What if after we graduate, life isn’t downhill from there?
I don’t know, college is great. I can do whatever I want and don’t have adult responsibilities. Figuring out my career and getting a full-time job is going to be hard, then working full-time is going to be so boring. Once we graduate, we have to figure out the rest of our lives!
How many times have you heard your graduating friend say, “Ugh I’m not ready for the real world”? It’s as if the period after we graduate is one huge chunk of reality ready to slap us in the face. We don’t always feel ready for it.
Partly, we believe this because:
- It’s the first time in our lives our direction isn’t determined by our parents or school
- We think our major solely determines our career path
- We’re conditioned to think our success comes from the approval of others
- It’s not as easy to make new friends and keep in touch with old ones
- We think we need to have the next decade of our career figured out
I urge us to get out of this mindset. It’s unhealthy and unnecessarily anxiety-provoking.
I admit, I have yet to experience post-grad myself. But conceiving post-grad as the “rest of our lives” is almost like a myth about getting hired after we graduate. Whether you’re a college student or a recent grad, this mindset isn’t healthy.
Consider these 4 reasons why post-graduation won’t be the rest of our lives.
The Good News
- Work now is less about having a full-time job and more about what we accomplish.
For our parents and grandparents, it was normal for them to be in the same company for 5-20 years. This is not the case with our generation.
(from Harvard Business Review’s Setting the Record on Switching Jobs)
Most employees leave their job after just 1 year. 1 year!
The nature of work has changed and isn’t going to stop changing. More people work shorter periods at their full-time jobs. More people have messy career paths. More people become entrepreneurs, freelancers, and intrapreneurs. It’s less about our job title and prestige, and more about the projects we ship and what we accomplish.
What does this mean for us college students and grads? Our first job isn’t the determinant of our career path. Rather than thinking of it as such, think of your first job as an opportunity to gain new skills, meet experts in fields you’re considering, and make a damn good impact.
If you end up enjoying the job, great! You’ve now found something you’d like to pursue.
If you don’t enjoy it, try Kendrick’s approach of asking yourself what jobs you don’t see yourself doing, and try a different line of work. Treat every job as an experience to learn and contribute while keeping your career path flexible.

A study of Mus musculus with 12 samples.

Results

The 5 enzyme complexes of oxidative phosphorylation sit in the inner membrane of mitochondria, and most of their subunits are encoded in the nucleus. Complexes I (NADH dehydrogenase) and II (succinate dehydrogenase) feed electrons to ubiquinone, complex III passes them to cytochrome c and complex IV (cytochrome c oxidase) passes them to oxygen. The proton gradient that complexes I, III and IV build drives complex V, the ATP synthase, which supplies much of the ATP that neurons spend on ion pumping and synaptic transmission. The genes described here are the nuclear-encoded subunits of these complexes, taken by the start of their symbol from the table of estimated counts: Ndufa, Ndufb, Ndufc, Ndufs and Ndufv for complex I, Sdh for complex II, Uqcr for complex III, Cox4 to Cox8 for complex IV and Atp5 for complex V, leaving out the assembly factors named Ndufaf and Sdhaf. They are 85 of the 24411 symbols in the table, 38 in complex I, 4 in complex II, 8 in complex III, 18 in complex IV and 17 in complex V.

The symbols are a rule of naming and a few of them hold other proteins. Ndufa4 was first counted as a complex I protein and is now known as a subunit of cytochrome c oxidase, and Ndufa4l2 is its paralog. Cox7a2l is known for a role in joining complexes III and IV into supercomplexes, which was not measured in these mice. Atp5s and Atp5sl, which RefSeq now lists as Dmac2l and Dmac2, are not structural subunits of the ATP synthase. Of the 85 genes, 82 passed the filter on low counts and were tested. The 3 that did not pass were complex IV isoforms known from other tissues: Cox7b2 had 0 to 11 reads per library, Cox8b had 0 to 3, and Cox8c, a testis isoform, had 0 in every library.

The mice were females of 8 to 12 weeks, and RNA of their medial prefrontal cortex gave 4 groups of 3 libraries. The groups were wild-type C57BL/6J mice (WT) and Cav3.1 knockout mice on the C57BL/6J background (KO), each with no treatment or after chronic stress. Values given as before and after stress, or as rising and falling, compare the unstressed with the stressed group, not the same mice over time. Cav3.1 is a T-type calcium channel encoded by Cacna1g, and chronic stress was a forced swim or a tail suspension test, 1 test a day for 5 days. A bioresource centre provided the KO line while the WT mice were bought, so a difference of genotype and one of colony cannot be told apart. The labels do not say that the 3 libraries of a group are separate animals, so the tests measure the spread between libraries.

- We have instant access to unlimited information.
Since we’re living in a digital age, we can:
- Teach ourselves how to code, use photoshop, or start a business!
- Showcase our skills, projects, and experience in a way a resume never could (Portfolium and having a personal website will immediately stand you out)
- Reach out to anyone who’s doing rad, interesting work
- Collaborate on a project with others around the world
Because information is literally at our fingertips, we have no reason to be stuck in our career progression.
- It’s okay if you’re not sure what your passion is.
Speaking of being stuck, how many times have we heard “follow your passion!” as career advice?
It’s widely accepted now that this advice is obsolete and impractical. Of course, we all want to end up being passionate with our work. But “following our passion” doesn’t actually help us become passionate about it. We become passionate at something once we’ve put in deliberate practice to: (1) get extremely good at it, and (2) make a positive, meaningful contribution with it.
So instead of following our passion, find work that’s interesting to you, practice it deliberately, and figure out how it can benefit others/society/the world.
Then the passion will follow you.
- Success is defined by you.
Not by your GPA, your parents, your college involvements, or your boss.
School and society have done a great job getting us to believe that success is a laundry list of accomplishments. Take 5 AP classes every term… while being on the baseball team… while being involved in 5 different clubs… while playing the clarinet in band… while volunteering in a hospital on the weekends. Then we’ll get into a prestigious college.
They’ve gotten us to believe that success is a bunch of the what, but they haven’t told us that success isn’t about the why. Why am I majoring in biology? Why am I involved with my co-ed fraternity? Why am taking computer science classes?
That why is your why. We all have a different why driving our what. Thus, there’s no one else that can truly measure your success but you.
The Next Chapter
A friend of mine posted a Facebook status I couldn’t believe to be any more true:
“If you spend the rest of your life saying college was the best years of your life, you’re not living right.”
Without a doubt, college is a phenomenal time we won’t ever be able to relive. But let’s remind ourselves that it’s one of the many chapters in our book.
The same goes for post-grad. It’s not the rest of the book.
It’s just the next chapter.
So treat post-grad as your next step in life, not the rest of it.
What are you going to do in your next chapter?